Gracie Abrams at her Toronto show at HISTORY on March 9, 2023.
Original photo by Samira Balsara
Life > Experiences

You can still have fun at concerts even if you don’t know the songs

This article is written by a student writer from the Her Campus at Toronto MU chapter.

I have loved concerts since I went to my very first one. 

If I don’t count seeing My Little Pony Live: The World’s Biggest Tea Party as a three-year-old in 2005, my first concert was Taylor Swift’s The Red Tour at Toronto’s Rogers Centre when I was 11. 

As a tween preparing for my first concert, I took it very seriously. My best friend and I made glittery signs on neon-coloured Bristol boards and ordered cheap, fake Taylor Swift t-shirts from a suspicious website. I had memorized every one of her songs months before, and we waited until the lights went down to crack our glowstick bracelets. 

Taylor Swift at her Toronto show at Rogers Centre on June 15, 2013. Taken on a Samsung Galaxy Ace 2E, my first cellphone.
Original photo by Cassie Argao

I would say our hard work paid off. It is an indescribable feeling to be one of 50,000 ridiculous-looking people singing the same lyrics at the same time.

My anticipation before the concert swelled to a new high every time I heard “We Are Never Ever Getting Back Together” on the radio or when my t-shirt with a Taylor Swift look-alike on the front arrived in the mail. 

That is still my favourite way to enjoy and experience a concert:

  1. Buy a ticket when an artist I love is coming to town
  1. Obsess over the lyrics and album for weeks leading up to the date
  1. Scream the words for the entire concert and go home with a hoarse voice 

So for the next few concerts of my young life, that is exactly what I did. My brain before the big day would turn into an encyclopedia of song lyrics and artist trivia. I could guarantee I would not stop singing for the duration of the concert. 

Then one day, my brother asked me if I wanted to go to Lorde’s Melodrama World Tour

Like most teenagers in 2018, I had heard of Lorde’s big hits like “Royals” and “Team,” but I had never listened to the album Melodrama. Still, I agreed to go and had every intention of following my usual concert-going routine. 

But as we got closer and closer to the concert date, I found myself putting off listening to the album out of pure laziness. Before I knew it, Lorde was in Toronto, and I was going to the then-named Air Canada Centre blind. 

Lorde at her Toronto show at the then Air Canada Centre on March 29, 2018.
Original photo by Cassie Argao

I thought I would immediately regret my procrastination as soon as a song I couldn’t sing along to started, but I found myself at the end of the concert having had an excellent time.

Because I wasn’t distracted by my own screaming voice in my head, I could actually fully absorb Lorde’s vocals, and the spectacle of 20,000 people focused on one spot and singing in unison. I didn’t have a lesser experience because I didn’t know the music — I just had a different one.

Now, Melodrama is one of my favourite albums of all time.

It’s now a trend for me to go to a concert of an artist I don’t know and then add their music to my playlists after. It’s like the concert is the sales pitch for the songs.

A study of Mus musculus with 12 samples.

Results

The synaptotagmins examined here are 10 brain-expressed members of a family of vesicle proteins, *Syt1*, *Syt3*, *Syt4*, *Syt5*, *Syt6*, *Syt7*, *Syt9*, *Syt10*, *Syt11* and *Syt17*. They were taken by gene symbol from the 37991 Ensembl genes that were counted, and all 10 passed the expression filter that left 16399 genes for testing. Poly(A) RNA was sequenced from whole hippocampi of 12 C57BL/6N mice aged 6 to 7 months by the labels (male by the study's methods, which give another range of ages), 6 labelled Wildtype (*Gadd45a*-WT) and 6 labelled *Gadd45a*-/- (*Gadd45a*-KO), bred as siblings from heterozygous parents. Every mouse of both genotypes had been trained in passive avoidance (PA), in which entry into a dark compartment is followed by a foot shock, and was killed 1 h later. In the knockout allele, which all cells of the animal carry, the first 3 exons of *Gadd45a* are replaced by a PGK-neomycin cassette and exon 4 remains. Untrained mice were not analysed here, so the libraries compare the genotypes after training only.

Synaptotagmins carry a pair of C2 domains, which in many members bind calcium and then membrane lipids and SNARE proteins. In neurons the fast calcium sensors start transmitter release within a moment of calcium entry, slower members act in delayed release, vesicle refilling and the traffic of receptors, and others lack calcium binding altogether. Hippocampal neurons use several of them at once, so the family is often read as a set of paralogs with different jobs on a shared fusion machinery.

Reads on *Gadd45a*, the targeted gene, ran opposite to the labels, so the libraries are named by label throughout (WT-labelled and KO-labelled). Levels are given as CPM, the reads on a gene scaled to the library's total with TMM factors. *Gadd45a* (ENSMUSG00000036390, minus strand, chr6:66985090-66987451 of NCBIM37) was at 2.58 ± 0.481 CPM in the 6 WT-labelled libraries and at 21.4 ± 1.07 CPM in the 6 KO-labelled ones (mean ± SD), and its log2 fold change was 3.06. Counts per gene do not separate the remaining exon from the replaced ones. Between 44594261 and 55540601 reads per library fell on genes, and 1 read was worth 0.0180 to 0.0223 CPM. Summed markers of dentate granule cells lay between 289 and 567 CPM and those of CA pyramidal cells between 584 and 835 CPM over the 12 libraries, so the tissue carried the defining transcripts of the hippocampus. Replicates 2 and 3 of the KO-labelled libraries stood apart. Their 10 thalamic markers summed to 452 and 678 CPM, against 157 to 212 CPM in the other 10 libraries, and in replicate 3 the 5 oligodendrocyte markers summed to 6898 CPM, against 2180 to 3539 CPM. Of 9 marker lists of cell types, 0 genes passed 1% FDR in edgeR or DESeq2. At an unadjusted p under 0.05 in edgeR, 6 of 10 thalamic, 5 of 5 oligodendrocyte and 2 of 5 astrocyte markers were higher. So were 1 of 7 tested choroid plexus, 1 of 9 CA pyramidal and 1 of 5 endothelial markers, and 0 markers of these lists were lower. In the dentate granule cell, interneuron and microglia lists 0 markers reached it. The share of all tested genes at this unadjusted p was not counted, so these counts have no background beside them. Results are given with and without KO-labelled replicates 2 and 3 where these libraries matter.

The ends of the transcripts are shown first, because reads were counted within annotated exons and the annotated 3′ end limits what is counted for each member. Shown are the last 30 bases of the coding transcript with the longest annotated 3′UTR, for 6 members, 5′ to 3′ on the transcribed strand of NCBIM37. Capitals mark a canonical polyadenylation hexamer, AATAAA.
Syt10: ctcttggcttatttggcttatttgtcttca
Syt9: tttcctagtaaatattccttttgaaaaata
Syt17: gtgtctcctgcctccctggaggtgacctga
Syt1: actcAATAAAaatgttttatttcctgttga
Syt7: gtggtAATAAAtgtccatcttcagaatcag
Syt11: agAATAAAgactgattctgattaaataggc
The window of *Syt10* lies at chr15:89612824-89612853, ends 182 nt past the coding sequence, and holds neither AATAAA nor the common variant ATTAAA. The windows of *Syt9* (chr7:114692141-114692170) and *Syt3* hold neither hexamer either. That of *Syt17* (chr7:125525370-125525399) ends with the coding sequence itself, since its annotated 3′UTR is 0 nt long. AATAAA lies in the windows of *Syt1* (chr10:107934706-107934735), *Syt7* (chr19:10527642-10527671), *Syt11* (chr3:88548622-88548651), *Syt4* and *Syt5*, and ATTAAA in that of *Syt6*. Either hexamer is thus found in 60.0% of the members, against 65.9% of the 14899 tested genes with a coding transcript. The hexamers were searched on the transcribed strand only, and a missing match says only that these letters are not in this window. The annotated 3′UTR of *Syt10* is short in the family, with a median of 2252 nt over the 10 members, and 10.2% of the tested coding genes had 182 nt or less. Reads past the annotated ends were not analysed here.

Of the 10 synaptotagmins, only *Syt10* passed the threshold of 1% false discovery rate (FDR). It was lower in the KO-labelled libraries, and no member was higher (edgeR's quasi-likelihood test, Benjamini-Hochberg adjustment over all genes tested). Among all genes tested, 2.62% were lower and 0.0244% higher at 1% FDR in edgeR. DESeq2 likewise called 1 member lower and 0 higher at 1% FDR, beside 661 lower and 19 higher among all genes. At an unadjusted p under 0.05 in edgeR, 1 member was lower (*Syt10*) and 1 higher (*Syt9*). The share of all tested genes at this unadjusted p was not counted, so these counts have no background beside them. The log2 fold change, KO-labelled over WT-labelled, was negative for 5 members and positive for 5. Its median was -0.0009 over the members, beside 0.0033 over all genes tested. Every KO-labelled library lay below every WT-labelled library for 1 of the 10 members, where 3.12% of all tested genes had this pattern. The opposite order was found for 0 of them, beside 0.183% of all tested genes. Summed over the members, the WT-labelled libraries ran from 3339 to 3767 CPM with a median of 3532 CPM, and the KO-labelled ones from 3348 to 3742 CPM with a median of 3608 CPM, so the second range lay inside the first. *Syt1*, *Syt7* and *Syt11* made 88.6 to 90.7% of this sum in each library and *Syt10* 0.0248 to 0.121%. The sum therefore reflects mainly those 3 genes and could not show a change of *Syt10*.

Last year, the same friend who was with me at The Red Tour asked me if I wanted to see The 1975 At Their Very Best tour at Scotiabank Arena. The tickets were cheap, so I said yes. I knew less about The 1975 and their songs than I did about Lorde. 

The concert was crazy, and I, again, had a completely different concert-going experience than I was used to. Afterwards, I learned that their frontman, Matty Healy, is known for his chaotic and theatrical on-stage antics, such as eating raw meat and doing shirtless pushups. 

The 1975 Toronto show at Scotiabank Arena on December 12, 2022.
Original photo by Cassie Argao

At the concert, I was a very surprised spectator.

I think the entertainment I got from the Matty-Healy-shock-factor, mixed with the excellent live music, made it one of the best shows I’ve ever been to, despite not knowing a single song. I was pleasantly surprised by their classic rock instrumentation and the boy-band-heartbreaker-style love songs I instantly saved after the show. 

So once again, I went into a concert blind and emerged as a fan.

I recently went to see Gracie Abrams at HISTORY in Toronto for her The Good Riddance Tour. I went with two of my childhood best friends who both happen to love Gracie Abrams. Now being a seasoned concert-goer of artists I don’t always listen to, I was expecting again to be pleasantly surprised.

And I was — Gracie Abrams is an excellent live performer. But what I enjoyed more was watching my friends go crazy at a show. Once again, I had another completely different but amazing concert experience. This time I found myself watching my friends.

Gracie Abrams at her Toronto show at HISTORY on March 9, 2023.
Original photo by Samira Balsara

Watching them dance and scream to Gracie Abrams’ heartbreak anthems is, I suppose, what I looked like at The Red Tour, sans glow sticks and crappy t-shirts. It is a completely different experience to be a spectator of that kind of joy versus the star of it. But it was just as fun. It was like watching someone open a really good birthday present. 

I bet in ten years’ time, the thing I will remember from the Gracie Abrams tour won’t be how she sounded but how my friends did.

So the next time a friend asks you to go to a concert of an artist you don’t know, say yes. I can promise you; it will be worth it. 

Cassie Argao

Toronto MU '23

Cassie Argao is a fourth-year journalism student at Toronto Metropolitan University. She has aspirations of working in television news production or sports reporting. When she's not writing or editing, she's watching a Blue Jays game or walking her dog.